We’ve been using the Cricut Explore Air 2 and Maker to turn our ideas into bigger projects. It’s been a fun experience and we definitely learned a lot! Spoiler alert: It’s not as difficult as it looks and we were pretty surprised how user-friendly the machines, tools and software are! We’ve been receiving a lot of questions about the Cricut and we decided to answer them today with this Cricut Basics Guide. Scroll along as we discuss what each blade, mat and machine can do as well as their differences. Ready?

Cricut Explore Air 2 vs Cricut Maker

We use both machines at the Googly studio and love each one dearly! We initially got the Explore Air 2 for paper, vinyl and iron-on projects but we wanted to do more and experiment with fabric, leather and balsa wood so we eventually ended up getting the Cricut Maker too. But what’s the difference? What should you get?

Both the Cricut Explore Air 2 and Cricut Maker machines are powerful but what really sets them apart are the blades that they’re compatible with and therefore what materials you can cut and use for your projects. You can check this list for a complete list of compatible materials. But simply put, the Maker has the Explore Air 2’s functions and capabilities + more additional features and blades. Which machine to get will eventually depend on what projects and materials you see yourself working with. If you’re generally looking at paper, cardstock, vinyl, stickers, craft foam and iron-on projects, the Explore Air 2 will do. But if you want to venture into all that plus balsa wood, acrylic, felt, fabric, leather and thicker + harder materials, the Cricut Maker is the better option.

Cricut Mats: Which to Use?

There are 4 types of Cricut Cutting Mats as of writing: Standard Grip (Green), Light Grip (Blue), Strong Grip (Purple), and Fabric Grip (Pink). Below is a guide with examples of materials and the mats that they’re compatible with.

As a rule of thumb, always use the Light Grip (blue) mat for delicate and thin materials (e.g. gift wrapper and Japanese paper). In some occasions, the Standard Grip (green) mat can be too sticky for some types of paper and cardstock especially when brand new. So make sure to test first. Additionally, as you use your mats over time, they will lose their stickiness. You’ll have to either clean, restick or replace them.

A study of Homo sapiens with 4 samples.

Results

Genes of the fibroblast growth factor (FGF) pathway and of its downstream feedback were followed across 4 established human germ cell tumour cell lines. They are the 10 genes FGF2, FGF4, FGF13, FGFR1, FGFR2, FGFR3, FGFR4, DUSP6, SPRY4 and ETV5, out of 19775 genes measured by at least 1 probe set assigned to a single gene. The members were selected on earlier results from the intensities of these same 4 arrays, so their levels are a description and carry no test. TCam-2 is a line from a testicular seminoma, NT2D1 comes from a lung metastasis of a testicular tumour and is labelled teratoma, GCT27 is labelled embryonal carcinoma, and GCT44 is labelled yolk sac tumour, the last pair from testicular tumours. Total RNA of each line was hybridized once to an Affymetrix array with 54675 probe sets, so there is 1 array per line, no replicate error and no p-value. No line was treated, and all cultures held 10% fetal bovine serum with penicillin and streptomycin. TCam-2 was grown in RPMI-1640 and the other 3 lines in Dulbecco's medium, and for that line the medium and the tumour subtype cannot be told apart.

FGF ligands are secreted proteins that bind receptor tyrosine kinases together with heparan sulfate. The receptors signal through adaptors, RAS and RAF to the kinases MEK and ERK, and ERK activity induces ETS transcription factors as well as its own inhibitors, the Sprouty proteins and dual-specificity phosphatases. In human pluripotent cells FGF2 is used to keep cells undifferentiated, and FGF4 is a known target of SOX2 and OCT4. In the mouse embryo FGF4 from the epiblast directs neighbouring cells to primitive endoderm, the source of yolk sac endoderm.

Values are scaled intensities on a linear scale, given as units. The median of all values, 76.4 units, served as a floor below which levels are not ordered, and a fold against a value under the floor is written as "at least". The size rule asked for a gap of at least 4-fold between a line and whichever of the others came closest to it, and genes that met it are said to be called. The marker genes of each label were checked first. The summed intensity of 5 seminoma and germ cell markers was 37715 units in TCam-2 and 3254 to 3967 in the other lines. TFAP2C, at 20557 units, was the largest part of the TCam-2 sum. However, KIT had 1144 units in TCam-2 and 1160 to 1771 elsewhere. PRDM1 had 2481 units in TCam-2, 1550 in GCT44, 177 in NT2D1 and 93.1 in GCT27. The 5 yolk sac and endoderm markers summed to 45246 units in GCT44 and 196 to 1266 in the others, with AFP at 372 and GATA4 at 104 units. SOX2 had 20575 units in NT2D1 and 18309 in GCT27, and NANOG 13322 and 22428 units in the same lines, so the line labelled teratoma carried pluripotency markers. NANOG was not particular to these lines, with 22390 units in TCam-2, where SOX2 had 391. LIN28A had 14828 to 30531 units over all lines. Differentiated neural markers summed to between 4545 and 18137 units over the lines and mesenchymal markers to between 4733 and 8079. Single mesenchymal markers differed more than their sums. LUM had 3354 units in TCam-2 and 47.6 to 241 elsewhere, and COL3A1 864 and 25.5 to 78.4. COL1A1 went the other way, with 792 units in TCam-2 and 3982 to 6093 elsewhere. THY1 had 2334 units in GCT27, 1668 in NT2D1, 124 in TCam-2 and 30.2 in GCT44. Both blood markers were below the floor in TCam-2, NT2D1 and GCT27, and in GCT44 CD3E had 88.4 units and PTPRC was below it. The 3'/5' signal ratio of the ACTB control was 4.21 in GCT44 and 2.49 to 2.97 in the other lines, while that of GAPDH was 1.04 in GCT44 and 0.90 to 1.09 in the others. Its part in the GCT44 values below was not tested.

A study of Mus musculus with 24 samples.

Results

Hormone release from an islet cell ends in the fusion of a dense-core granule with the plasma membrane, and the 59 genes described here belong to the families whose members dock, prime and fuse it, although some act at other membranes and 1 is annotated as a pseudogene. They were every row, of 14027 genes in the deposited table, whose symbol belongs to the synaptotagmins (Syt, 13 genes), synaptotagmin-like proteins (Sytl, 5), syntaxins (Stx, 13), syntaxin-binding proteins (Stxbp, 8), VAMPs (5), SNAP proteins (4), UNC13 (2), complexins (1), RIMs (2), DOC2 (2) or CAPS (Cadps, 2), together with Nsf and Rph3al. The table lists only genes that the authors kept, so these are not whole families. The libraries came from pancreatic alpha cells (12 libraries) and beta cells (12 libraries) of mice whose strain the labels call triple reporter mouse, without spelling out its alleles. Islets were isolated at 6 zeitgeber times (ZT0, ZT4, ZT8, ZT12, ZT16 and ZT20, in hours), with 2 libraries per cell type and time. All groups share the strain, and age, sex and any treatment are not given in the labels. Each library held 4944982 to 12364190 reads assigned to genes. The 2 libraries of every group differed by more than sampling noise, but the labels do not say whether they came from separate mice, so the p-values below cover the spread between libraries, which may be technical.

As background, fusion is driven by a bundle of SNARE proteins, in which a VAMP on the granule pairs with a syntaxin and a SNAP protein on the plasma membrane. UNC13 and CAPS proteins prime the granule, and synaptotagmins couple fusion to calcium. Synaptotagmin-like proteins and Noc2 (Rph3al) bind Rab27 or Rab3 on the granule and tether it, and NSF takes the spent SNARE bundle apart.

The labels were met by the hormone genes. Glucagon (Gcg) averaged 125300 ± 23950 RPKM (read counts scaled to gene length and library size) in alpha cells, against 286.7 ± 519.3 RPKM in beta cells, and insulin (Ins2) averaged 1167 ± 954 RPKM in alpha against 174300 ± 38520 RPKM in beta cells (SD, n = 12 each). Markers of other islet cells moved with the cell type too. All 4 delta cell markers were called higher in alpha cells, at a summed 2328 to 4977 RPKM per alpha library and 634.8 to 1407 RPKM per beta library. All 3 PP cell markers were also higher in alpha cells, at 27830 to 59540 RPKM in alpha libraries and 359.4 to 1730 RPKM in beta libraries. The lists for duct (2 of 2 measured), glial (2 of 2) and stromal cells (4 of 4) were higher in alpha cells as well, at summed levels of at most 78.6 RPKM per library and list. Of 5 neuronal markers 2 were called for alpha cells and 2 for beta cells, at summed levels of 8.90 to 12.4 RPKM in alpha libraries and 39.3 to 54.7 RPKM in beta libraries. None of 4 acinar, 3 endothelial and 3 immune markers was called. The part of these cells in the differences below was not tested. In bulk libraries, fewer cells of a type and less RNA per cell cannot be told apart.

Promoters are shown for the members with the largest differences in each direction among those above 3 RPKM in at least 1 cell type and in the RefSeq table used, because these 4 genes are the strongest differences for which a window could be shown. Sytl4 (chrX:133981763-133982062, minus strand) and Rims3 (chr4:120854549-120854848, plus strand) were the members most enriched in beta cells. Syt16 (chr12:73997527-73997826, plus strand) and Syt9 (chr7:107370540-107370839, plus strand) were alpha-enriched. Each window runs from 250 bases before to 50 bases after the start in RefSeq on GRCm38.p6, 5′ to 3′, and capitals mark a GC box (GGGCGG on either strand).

Cricut Blades: Materials + Compatibility

There are currently 11 types of Cricut Blades all of which are compatible with the Cricut Maker while only 3 blades are compatible with the Cricut Explore Air 2. You can check the charts below to see how each blade looks like, sample materials you can cut using them and their machine compatibility.

Basic Blades (Compatible with the Cricut Explore Air 2 and Cricut Maker)

Special Blades (Compatible with the Cricut Maker)

Cricut Classes and Workshops

Want to learn more about Cricut? Whether you’d like to get to know the basics or would simply love to see if the Cricut Explore Air 2 or Cricut Maker machines are for you, you may join our Online Cricut Workshops. This is a paid class. If you’d like to join or get updates on schedules, you may sign up at bit.ly/GGworkshops. Have you purchased machines from the Googly Gooeys shop? If so, you can join our classes for free! Just send us an email to inquire and our team will assist you.

What else would you like to know about the Cricut Explore Air 2 and Maker? We’ll be sharing more Cricut project ideas and tips in the coming days so make sure to check back and follow us on Facebook, YoutubeTwitter and Instagram for updates! Check out our other Cricut Projects here.